May I raise a point of order? I will make it as short as I can. I wish to refer to Standing Order No. 8, which relates to Questions in the House and how we deal with them. In the 16th Edition of Erskine May, page 355, chapter XVII, there is laid down the way in which Questions will be dealt with in the House and your competence, Mr. Speaker, in the way in which you accept them. It says:
When one turns to Standing Order No. 8, one finds the normal rules for putting down Questions for Written or for Oral answer laid down. On the next page of Erskine May, which deals with Questions by Private Notice, it says that we have to ask you, Sir, whether you will accept the Question. Thereafter you rule whether you will accept the Question or not and the initiative comes from the Member concerned. However, there has been a practice in the House of Ministers of the Government on their own initiative saying, "With permission, Mr. Speaker," and deciding to answer Question No. 44, 46 or 48 as the Minister so feels inclined. The attention of the House was drawn to the matter by the right hon. Member for Woodford (Sir W. Churchill) on 28th June, 1951, when he asked:"The Speaker's responsibility in regard to questions is limited to their compliance with the rules of the House. Responsibility in other respects rests with the Member who proposes to ask the question (s)."
to which he wanted an answer. I think that was a perfectly reasonable request, and I want an answer to Question No. 55."On a point of order. If Questions are to be selected which have not been reached in the ordinary course, might not some consideration be given to Question No. 45 …?"—[OFFICIAL REPORT, 28th June, 1951: Vol. 489. c. 1578.]
Order. I do not think I need detain the hon. Member further. The rule has been frequently stated. For the moment, I choose what was said by my predecessor on 7th May, 1951, when an hon. Member in a similar endeavour raised this matter and Mr. Speaker ruled:
In regard to Question No. 55, it is an "otherwise"."If a Minister wishes to answer a Question because he, and not other people, thinks it is of public importance, then he can ask leave to do so, and I can give my permission; but otherwise it has nothing to do with me at all."—[OFFICIAL REPORT, 7th May, 1951; Vol. 487, c. 1588.]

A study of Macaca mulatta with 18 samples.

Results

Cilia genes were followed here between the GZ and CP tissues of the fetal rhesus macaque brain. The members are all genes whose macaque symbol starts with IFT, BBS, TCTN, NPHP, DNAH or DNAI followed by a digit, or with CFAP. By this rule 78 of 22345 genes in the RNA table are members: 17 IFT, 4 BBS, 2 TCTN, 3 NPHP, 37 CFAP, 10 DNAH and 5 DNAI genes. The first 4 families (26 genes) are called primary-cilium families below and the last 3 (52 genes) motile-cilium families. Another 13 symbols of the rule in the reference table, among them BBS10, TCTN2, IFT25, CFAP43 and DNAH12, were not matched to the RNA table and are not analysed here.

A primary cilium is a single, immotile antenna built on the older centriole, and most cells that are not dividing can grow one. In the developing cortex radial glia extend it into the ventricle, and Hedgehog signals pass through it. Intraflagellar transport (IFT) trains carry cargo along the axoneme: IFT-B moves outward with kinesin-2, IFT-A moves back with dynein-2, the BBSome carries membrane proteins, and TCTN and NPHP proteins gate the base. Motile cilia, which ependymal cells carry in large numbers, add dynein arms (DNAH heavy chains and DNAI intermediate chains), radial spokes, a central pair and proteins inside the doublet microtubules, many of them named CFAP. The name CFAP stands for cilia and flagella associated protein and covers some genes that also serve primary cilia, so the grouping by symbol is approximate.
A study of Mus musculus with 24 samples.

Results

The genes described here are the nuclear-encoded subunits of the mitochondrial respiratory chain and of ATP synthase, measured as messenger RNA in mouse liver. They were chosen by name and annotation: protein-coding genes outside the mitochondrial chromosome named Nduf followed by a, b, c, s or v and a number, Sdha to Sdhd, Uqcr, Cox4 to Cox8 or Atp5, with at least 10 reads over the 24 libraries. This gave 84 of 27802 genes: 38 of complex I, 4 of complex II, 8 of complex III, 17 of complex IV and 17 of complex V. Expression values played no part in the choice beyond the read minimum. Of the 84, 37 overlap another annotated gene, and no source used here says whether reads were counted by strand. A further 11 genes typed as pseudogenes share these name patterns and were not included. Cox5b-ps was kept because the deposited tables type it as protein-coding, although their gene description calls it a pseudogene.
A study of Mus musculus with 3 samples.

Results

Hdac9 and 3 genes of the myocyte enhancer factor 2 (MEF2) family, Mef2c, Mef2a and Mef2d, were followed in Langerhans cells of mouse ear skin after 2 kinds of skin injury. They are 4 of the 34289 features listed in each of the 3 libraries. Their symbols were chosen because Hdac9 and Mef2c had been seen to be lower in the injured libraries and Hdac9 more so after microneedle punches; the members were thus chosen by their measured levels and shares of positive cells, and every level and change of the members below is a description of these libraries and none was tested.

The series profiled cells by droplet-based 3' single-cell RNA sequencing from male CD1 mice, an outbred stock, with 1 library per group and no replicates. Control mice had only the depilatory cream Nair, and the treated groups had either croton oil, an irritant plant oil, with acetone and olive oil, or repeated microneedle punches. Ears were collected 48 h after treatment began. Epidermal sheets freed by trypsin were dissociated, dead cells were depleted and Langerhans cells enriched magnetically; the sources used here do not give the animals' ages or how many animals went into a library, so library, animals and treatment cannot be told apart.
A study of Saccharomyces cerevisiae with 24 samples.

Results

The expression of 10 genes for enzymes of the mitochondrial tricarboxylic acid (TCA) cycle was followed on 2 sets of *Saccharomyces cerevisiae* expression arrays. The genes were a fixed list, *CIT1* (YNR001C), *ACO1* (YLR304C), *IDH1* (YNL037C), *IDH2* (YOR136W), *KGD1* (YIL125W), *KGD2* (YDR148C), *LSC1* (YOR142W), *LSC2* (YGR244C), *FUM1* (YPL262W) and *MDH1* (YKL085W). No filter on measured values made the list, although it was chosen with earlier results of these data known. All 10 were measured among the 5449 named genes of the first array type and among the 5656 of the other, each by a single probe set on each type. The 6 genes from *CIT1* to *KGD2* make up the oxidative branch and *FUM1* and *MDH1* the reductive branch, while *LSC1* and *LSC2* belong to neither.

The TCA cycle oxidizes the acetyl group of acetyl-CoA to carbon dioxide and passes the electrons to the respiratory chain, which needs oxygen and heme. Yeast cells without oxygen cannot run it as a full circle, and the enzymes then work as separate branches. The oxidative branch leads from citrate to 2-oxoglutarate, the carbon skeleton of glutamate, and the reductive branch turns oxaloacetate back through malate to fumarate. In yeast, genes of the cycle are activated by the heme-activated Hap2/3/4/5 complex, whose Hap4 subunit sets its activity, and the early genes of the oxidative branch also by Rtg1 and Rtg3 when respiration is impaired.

Further to that point of order, it is clear, then, that the initiative comes from the Executive, that is, from the Government Front Bench, who decide on any question they would like to answer.What I want to submit is that if you accept Questions by Private Notice and you, Sir, make a decision whether the Question shall or shall not be a Private Notice Question, would you not think it fair to all hon. Members to look at the customs we have had in the past and consider whether it would not be in order in future for hon. Members to put Questions to you which they would like to raise on their own initiative? For then you could decide whether those Questions shall be answered orally by the Minister. After all, you are here to protect us; we are not here to increase the power of the Executive but to curb it. What I submit to the House is that I do not understand, referring to Eskine May and the Standing Orders, how this Ministerial practice has arisen and what authority there is for this practice to have arisen in the House. Further, is it in order if one wished to have this matter corrected to put down a substantive resolution or to ask the Leader of the House to give it his attention?
If the hon. Member wants to change the practice of the House he is, of course, at liberty to put down a Motion and to invite the assent of the House to his proposition. I regard as part of my duty in the protection of minorities to see that Question Time is not further expanded at the expense of other time on behalf of each hon. Member who thinks that his unreached Question is of particular importance. That is the difficulty, and that, I suspect, is why the practice has arisen.